When you are at someone's home or on property owned by someone else, that property owner may owe you a measure of safety. It all depends on who you are, how you know the owner, the reason you are there, if you had the ability to use caution and whether or not it's a public policy concern.
Trespasser: If you are an adult and do not have permission or were not invited onto the property, you are trespassing. As a trespasser, the owner does not owe you a duty to keep you safe other than to refrain from some intended action that would cause injury or death (e.g. not setting traps or shooting you).
The caveat here is if the trespasser is a child. Since children can be curious, easily enticed and often do not have the capacity for sound judgment with regard to their own personal safety, an owner who has an "artificial condition" on the property is liable for any harm caused by it if:
1. The owner knows children are likely to be near the condition;
2. The owner knows that the condition is dangerous to children;
3. The trespassing children either do not discover the condition or do not realize the risks;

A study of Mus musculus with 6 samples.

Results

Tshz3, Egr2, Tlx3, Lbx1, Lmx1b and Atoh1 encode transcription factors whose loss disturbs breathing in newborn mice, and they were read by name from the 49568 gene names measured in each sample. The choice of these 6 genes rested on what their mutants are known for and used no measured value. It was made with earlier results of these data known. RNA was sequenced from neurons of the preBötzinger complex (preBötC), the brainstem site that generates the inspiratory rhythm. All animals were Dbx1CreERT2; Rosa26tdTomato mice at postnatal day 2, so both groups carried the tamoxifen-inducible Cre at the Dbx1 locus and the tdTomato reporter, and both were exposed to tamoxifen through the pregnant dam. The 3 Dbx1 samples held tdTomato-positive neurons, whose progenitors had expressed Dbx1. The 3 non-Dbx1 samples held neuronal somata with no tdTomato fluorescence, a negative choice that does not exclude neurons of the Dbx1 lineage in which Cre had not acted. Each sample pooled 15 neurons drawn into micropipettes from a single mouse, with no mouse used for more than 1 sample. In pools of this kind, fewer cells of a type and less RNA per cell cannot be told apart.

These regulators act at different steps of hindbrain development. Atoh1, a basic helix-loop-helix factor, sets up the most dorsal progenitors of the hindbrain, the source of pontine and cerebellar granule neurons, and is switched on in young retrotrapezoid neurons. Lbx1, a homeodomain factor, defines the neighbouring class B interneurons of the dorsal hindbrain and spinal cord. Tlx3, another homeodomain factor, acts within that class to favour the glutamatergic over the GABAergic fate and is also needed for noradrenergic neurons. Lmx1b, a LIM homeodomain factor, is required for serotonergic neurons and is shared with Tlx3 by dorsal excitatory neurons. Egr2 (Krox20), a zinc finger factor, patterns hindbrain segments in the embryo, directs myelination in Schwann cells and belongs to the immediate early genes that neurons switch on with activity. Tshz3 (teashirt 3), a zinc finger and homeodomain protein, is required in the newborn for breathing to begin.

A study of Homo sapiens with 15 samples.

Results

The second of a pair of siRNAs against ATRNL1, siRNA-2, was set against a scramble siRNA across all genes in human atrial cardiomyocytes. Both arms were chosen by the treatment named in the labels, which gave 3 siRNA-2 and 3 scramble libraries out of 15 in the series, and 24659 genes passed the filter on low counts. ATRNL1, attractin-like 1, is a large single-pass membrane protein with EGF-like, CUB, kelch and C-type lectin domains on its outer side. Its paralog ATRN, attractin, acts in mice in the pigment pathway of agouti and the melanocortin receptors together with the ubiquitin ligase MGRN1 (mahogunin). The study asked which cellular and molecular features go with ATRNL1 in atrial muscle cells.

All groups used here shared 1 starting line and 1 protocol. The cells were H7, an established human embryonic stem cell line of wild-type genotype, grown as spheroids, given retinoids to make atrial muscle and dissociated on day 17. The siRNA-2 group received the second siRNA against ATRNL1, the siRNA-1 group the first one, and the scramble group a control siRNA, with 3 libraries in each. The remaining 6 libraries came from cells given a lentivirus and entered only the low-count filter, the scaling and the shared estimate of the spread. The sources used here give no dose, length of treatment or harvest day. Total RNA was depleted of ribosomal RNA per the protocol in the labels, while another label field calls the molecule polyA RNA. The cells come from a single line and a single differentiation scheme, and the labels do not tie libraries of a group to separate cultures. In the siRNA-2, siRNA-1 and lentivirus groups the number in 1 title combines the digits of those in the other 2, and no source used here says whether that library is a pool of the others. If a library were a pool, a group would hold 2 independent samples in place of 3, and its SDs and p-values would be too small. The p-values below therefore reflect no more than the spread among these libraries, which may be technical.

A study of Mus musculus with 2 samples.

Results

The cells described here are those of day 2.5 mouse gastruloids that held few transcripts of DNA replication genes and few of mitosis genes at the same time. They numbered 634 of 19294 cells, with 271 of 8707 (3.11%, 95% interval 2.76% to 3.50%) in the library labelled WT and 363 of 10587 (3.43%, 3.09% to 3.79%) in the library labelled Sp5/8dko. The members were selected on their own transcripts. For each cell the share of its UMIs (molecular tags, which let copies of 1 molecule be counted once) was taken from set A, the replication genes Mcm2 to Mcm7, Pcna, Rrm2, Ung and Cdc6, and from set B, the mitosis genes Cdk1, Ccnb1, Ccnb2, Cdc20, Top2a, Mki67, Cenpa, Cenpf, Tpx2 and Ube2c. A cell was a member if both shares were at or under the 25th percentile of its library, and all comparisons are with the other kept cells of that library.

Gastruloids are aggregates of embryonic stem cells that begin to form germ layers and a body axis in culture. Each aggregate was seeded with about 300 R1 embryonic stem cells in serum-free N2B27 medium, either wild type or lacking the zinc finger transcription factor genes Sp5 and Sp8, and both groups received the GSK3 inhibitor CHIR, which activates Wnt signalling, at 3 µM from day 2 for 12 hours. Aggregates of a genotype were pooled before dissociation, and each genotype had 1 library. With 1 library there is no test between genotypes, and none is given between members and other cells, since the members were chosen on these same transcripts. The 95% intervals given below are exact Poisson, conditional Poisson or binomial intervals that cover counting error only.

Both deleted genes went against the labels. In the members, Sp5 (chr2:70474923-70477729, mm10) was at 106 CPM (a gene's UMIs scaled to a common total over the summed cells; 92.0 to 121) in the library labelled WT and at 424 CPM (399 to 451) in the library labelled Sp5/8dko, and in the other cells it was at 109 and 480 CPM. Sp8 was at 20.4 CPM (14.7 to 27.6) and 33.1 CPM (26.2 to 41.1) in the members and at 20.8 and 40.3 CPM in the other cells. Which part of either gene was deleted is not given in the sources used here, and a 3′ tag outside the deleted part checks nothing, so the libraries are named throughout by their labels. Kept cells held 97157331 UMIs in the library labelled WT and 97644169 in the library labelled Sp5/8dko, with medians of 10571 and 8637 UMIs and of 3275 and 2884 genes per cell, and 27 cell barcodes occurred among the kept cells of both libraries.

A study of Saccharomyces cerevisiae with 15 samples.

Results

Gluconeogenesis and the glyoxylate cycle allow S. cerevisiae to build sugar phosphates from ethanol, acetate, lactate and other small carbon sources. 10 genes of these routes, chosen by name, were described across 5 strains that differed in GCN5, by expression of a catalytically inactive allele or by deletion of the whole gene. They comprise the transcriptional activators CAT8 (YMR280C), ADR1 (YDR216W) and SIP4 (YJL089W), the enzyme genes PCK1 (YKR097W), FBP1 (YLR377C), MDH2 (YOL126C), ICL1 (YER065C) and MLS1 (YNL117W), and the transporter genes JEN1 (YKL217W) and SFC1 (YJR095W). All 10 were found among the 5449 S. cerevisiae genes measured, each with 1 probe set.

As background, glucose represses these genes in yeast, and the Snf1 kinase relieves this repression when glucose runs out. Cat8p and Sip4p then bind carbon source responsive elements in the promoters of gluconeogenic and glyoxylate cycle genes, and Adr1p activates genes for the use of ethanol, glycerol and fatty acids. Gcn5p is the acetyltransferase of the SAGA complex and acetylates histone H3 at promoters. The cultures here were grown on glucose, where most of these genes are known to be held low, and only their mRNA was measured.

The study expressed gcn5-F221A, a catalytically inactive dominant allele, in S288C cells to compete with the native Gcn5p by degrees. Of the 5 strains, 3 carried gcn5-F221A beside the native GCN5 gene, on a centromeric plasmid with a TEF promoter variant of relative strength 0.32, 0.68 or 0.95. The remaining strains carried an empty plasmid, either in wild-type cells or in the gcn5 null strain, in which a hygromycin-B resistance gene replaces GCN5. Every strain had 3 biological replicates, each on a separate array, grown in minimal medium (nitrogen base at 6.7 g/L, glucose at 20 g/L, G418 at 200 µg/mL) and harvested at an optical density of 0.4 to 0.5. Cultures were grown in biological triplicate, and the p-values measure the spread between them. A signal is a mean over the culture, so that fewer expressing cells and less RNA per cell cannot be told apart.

4. The use of and maintenance of the condition and removing any danger is small in comparison to the risks to children;
5. The owner fails to make any attempt to reduce the risks of danger;
For example, your neighbor has a swimming pool that is ground level in his or her backyard. It is well known and common knowledge that children are drawn to pools like moths to a flame. Knowing children are in the neighborhood and a pool of water can be dangerous to a careless child, if they fail to reduce the risks or remove the danger, the property owner could be liable for any injury or death that occurred as a result even if the child snuck in without their knowledge or permission. However, if the owner has no reason to believe or anticipate children would be anywhere near a potential hazard, then they have no duty to ensure the safety of children and would not be liable for any injuries.
Of course there are other details that may be considered, such as whether or not a posted warning was sufficient, if the child was old enough to know better (it is presumed that a child under 7 would not) and whether or not the condition that caused the injury was a natural occurrence.